Sing a song full of the faith that the dark past has taught us, 

Sing a song full of the hope that the present has brought us; 

Facing the rising sun of our new day begun Let us march on til victory is won

 —“Lift Every Voice and Sing,” James Weldon and Rosamund Johnson 

The January 6, 2020 insurrection at the nation’s Capitol was no surprise to me. I’d experienced how the election of Barack Obama had activated and renewed overt racial hatred in a country that fancied itself post-racial when it was anything but that. 

The current president’s tenure, which sought nothing more than to blot out what his predecessor had achieved, was demonstrably undergirded by a devout following of a large number of Americans who were unfazed by his nationalism, treatment of women, crass mean spiritedness and anti-BIPOC policies and positions, many of whom who identify as Christians.  I was confounded by my naiveté when racist wrath exploded in Charlottesville, Virginia, during the Unite the Right’s 2017 Klan rallies that were the harbingers of what we witnessed on January 6. 

I was born near the end of the Civil Rights era, in 1965. I attended integrated schools as part of the experiment that is American public education where I was miseducated, along with generations of my peers with the single narrative of American exceptionalism where all the heroes and heroines were white and the rest of us were only mentioned as ancillary, dispensable characters cast as merely the enslaved, farmworkers and savages. 

As a parent, I taught my children as much as I knew about our culture and their lived experience provided a grounding that their formal education did not. I have often lamented how naive I was to think that they would not inherit the world that we all have. Quite frankly, I didn’t know I’d see days like this either. I have always hung on the words, hopes and visions of Martin Luther King, Jr. and the lyrical genius and hopefulness of Stevie Wonder, Earth Wind and Fire and Prince—those who put hope’s score to music, that love would conquer all and a belief that the arc of the moral universe would someday bend in the direction of justice.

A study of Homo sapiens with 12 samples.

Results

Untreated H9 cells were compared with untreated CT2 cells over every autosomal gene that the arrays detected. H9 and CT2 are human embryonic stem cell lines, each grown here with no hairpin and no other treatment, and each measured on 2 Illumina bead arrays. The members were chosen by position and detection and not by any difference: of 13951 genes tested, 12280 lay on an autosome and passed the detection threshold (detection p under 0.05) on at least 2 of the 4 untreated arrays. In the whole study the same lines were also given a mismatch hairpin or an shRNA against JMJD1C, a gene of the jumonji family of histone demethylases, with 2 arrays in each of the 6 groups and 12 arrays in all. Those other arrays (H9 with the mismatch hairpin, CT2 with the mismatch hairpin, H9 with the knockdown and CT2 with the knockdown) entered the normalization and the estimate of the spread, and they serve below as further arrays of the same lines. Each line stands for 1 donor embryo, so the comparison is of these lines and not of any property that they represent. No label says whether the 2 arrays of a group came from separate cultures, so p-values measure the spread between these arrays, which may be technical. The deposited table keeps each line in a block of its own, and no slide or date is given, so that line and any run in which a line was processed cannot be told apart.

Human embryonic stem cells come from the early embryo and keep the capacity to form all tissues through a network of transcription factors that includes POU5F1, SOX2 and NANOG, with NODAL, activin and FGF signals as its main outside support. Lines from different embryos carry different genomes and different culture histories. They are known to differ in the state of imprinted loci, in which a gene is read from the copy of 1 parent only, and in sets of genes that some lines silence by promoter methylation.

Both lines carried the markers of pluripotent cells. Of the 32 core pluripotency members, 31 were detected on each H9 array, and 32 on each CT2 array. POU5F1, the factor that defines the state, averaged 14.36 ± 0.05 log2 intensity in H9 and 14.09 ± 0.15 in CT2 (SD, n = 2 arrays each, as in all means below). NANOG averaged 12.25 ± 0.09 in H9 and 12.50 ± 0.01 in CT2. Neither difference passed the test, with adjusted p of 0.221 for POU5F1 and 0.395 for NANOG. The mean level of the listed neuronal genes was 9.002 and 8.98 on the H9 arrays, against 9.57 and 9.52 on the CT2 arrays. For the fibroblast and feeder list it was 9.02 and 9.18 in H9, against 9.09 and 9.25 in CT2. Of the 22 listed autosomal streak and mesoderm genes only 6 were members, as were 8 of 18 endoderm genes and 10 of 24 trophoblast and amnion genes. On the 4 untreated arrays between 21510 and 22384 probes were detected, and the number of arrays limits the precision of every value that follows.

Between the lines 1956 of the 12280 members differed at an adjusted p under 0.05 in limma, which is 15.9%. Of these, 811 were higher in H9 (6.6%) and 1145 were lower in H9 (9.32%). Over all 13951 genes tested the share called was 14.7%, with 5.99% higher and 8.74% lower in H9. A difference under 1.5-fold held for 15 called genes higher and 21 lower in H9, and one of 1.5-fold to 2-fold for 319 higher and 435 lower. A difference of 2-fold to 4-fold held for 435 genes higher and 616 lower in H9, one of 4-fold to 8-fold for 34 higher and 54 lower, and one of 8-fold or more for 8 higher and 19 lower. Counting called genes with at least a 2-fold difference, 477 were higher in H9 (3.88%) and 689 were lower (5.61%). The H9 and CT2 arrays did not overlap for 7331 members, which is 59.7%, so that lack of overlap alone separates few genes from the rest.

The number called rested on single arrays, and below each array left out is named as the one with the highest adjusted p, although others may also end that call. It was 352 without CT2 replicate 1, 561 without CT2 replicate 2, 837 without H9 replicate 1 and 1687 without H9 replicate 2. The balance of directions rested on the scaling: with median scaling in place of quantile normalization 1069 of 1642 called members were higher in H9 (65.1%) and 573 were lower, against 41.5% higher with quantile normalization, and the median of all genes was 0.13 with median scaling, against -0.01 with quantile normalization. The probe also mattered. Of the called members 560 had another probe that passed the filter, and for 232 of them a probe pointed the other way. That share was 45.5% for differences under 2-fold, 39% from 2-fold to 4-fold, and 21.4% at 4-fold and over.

I genuinely believed that the worst was behind us. During Thanksgiving 2018, though, our 100-year old family friend, Mrs. Mary Fleming said that the racism we were now under was worse than she had ever known. 

The wanton police brutality, culminating in last year’s heinous lynching of George Floyd in public view and all those too many to name before and in between who got no justice and no peace have kept me woke and awake. 

What enrages me most is to have my elders, among them, my Ma, Brunette Paul, who is 78 years young, relive the terror they experienced during America’s Jim Crow apartheid years in what should be their golden years. 

My mother easily recounts the night the Ku Klux Klan rode through her Stillman College campus in Tuscaloosa, Alabama, and the fear she experienced crouched under her bed not knowing what would happen; the humiliation she experienced while integrating a school in my hometown of Daytona Beach, Florida, as a newly-minted elementary teacher where she had to eat her lunch alone in a janitor’s closet, during the half day she taught at the white school and other demeaning experiences that were legislated par for the course during her early youth and adulthood. 

For sure, the year 2020 left me weary with silent tears, muddling my way through a pandemic and the festering sores of my country’s brutal maltreatment of my fore mothers and fathers, still never acknowledged or settled. 

The lyrics of the Negro National Anthem, penned by Florida brothers James Weldon and Rosamund Johnson often come to mind:

We have come over a way that with tears has been watered, 

We have come, treading our path through the blood of the slaughtered, 

Out from the gloomy past, till now we stand at last 
Owing all to those on whose shoulders I stand, my greatest desire is to shield my loved ones from harm, and also to ensure in all ways possible that the truth of this matter is told and never forgotten or whitewashed, lest future’s children be also blindsided. It is about race, which is its own power and wealth in a nation which values this construct as currency so. That’s all it ever was and to forewarn those to come that given history’s record, that is all it will ever be—at least ’til victory is won.